15 Tips for Raising a Cat on a Budget
Cats are relatively independent animals but count on their human "parents" for nourishment, shelter, care, and attention. Although cheaper to own than many other types of pets, the lifetime cost of responsible cat ownership -- an average 15 years -- can still range from $8,000 to $11,000. In time for Adopt-A-Cat Month in June, we compiled 15 tips to help raise a cat while keeping costs under control.
Mixed-breed cats are the cheapest to own. They are less costly to insure and veterinary fees are often lower than for purebreds. The genetic diversity in mixed breeds also renders them less prone to illness and genetic diseases, and they enjoy the longest life expectancy in the cat world.
Rescue shelters offer the cheapest way to get a pet cat. Most provide an up-to-date medical history and ensure the animal has the needed inoculations. Avoid taking in a stray; without information about the cat's past and its current health, the money you think you're saving will likely be spent anyway. A stray cat needs a thorough veterinary checkup and vaccinations.
Grooming is an ongoing necessity for long-haired cats, and an added expense. Many owners report that the need increases with age because older cats struggle to manage self-care on their own. Keeping a short-haired cat groomed is rarely pricey, though.
Female cats go into heat periodically and male cats mark their territory, and both may be unpleasant to live with and costly to contain. The operation might seem pricey (figure on about $150), but the ASPCA maintains a database of inexpensive spay/neuter programs and someday you'll likely be grateful. Even an indoor pet might accidentally venture outdoors, where all kinds of misadventures await.
Preventive care is a major deterrent to expensive vet bills and medications. Take cats to the vet's office for an annual checkup and all the recommended shots.
Health problems are easier and cheaper to treat when caught early, so if you sense something wrong, call the vet as soon as possible. Subtle signs such as behavioral changes, low energy, or lumps in the skin may indicate big problems. Make a planned visit to the vet and avoid hefty night or emergency fees.
Fees for veterinary services differ by practice. If a necessary procedure has a high price tag, call around for a cheaper price.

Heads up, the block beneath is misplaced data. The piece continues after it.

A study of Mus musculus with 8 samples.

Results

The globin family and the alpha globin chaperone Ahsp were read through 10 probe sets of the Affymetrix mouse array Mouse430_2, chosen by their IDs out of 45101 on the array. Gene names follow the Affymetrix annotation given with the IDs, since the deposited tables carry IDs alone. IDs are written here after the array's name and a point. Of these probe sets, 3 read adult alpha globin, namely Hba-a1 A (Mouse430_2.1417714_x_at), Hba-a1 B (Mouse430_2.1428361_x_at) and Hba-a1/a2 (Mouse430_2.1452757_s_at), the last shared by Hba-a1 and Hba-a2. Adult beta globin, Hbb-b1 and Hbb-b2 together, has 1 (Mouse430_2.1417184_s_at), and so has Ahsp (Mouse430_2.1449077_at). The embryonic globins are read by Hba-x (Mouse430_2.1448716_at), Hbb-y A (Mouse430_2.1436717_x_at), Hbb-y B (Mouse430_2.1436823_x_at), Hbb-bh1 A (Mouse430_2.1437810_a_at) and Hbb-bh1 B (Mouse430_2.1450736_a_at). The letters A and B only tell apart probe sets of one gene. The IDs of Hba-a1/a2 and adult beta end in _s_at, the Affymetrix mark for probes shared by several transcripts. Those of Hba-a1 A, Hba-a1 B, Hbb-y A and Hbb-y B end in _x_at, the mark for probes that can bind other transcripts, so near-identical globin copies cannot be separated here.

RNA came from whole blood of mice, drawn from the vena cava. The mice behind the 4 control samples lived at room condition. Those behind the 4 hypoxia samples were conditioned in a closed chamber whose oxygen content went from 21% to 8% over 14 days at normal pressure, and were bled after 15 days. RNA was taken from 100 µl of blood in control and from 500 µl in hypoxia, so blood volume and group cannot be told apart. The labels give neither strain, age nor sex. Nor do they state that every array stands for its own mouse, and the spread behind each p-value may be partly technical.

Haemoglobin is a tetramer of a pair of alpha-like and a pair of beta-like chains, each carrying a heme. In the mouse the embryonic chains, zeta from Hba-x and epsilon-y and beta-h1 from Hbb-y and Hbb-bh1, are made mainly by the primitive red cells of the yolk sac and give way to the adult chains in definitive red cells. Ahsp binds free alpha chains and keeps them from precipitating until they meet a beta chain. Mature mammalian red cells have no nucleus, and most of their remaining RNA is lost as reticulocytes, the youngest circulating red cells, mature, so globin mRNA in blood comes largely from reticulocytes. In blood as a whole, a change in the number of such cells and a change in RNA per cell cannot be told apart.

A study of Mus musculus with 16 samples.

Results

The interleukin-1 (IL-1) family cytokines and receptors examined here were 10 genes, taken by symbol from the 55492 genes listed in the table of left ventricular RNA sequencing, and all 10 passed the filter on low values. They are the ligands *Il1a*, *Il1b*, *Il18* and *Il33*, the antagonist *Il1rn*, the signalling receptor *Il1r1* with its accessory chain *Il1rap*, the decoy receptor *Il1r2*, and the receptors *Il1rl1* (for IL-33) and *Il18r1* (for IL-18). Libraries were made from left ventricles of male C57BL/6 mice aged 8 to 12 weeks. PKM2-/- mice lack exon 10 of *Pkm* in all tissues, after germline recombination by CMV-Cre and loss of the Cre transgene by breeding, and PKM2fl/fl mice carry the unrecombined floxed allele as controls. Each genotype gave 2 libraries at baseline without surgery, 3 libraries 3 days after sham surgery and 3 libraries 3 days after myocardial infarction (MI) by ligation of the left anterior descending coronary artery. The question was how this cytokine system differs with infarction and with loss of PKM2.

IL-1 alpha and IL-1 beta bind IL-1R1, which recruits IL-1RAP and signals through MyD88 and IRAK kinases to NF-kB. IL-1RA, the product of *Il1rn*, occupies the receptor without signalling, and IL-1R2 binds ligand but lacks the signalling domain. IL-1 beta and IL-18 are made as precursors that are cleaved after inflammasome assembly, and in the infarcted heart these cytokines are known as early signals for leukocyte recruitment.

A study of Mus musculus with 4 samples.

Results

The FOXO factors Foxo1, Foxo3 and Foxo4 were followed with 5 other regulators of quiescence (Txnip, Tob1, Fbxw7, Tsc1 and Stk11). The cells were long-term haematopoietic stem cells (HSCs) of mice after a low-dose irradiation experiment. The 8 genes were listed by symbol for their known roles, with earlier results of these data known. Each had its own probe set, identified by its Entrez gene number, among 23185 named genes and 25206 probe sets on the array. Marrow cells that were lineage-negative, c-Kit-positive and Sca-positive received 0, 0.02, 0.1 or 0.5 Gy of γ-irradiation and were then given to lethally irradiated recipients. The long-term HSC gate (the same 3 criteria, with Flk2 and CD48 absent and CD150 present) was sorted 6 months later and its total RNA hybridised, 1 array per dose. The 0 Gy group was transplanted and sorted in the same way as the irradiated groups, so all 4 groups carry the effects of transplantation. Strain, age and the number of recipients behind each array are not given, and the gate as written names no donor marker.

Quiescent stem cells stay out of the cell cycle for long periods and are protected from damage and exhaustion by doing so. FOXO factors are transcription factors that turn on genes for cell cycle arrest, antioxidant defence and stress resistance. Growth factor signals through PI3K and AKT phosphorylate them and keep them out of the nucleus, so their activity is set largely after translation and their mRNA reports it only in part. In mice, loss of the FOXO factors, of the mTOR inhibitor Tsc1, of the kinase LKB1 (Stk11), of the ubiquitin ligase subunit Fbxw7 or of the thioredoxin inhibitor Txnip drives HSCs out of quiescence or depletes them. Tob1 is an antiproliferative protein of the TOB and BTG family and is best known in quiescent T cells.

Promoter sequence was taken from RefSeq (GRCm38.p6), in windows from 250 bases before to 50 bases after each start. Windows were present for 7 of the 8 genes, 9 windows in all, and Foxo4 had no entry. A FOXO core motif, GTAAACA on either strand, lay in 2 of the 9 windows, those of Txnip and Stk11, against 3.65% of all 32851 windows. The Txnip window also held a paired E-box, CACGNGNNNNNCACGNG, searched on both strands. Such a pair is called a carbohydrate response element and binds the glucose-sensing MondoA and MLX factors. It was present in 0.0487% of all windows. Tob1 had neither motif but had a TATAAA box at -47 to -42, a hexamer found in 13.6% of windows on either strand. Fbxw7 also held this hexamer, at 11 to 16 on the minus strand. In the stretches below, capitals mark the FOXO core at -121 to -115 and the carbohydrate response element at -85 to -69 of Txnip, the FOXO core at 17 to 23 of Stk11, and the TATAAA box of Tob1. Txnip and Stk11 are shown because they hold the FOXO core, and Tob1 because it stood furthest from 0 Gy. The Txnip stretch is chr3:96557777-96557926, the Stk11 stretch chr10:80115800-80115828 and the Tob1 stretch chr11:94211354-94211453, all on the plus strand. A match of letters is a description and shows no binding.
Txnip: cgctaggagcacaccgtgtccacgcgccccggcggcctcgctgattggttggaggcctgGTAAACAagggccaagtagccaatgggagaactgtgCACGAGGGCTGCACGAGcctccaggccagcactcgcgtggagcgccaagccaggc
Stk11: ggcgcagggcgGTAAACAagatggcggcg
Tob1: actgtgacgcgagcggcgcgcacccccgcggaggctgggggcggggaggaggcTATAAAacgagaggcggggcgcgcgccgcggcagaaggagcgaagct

Find animal hospitals or shelters run by animal welfare groups, such as the ASPCA, Bideawee, and the Humane Society, for even lower rates on cat medical care. There may be other nonprofit animal hospitals in the area as well.
Insurance for a cat provides a type of security that allows decisions based on necessity rather than budget. Prices for pet insurance vary, as do provisions, so weigh the pros and cons. It may or may not make financial sense.
A healthy diet is essential for a cat's well-being. Ultra-cheap cat food may hold appeal, but high-quality cat food can be found for moderate prices. And remember to provide fresh water 24/7.
Daily playtime with a laser pointer or toy helps a cat stay vigorous and her natural hunting instincts sharp. Even a paper bag or opened box can serve as a cheap cat toy. When cats, like all pets, don't engage in daily physical activity, boredom and depression can set in, leading to destructive habits and behavioral problems.
Brushing the cat's hair prevents matting, keeps its coat and skin healthy, and affords an opportunity to discover potential health concerns, such as a lump. Grooming includes clipping the claws and/or setting out a clawing toy.
Scoop the litter box at least once daily and clean with soap and water weekly. Soiled litter can be a breeding ground for disease.
A cat collar should include your name, address, and phone number in case an indoor cat slips outside. This is a very cheap precaution; better safe than sorry.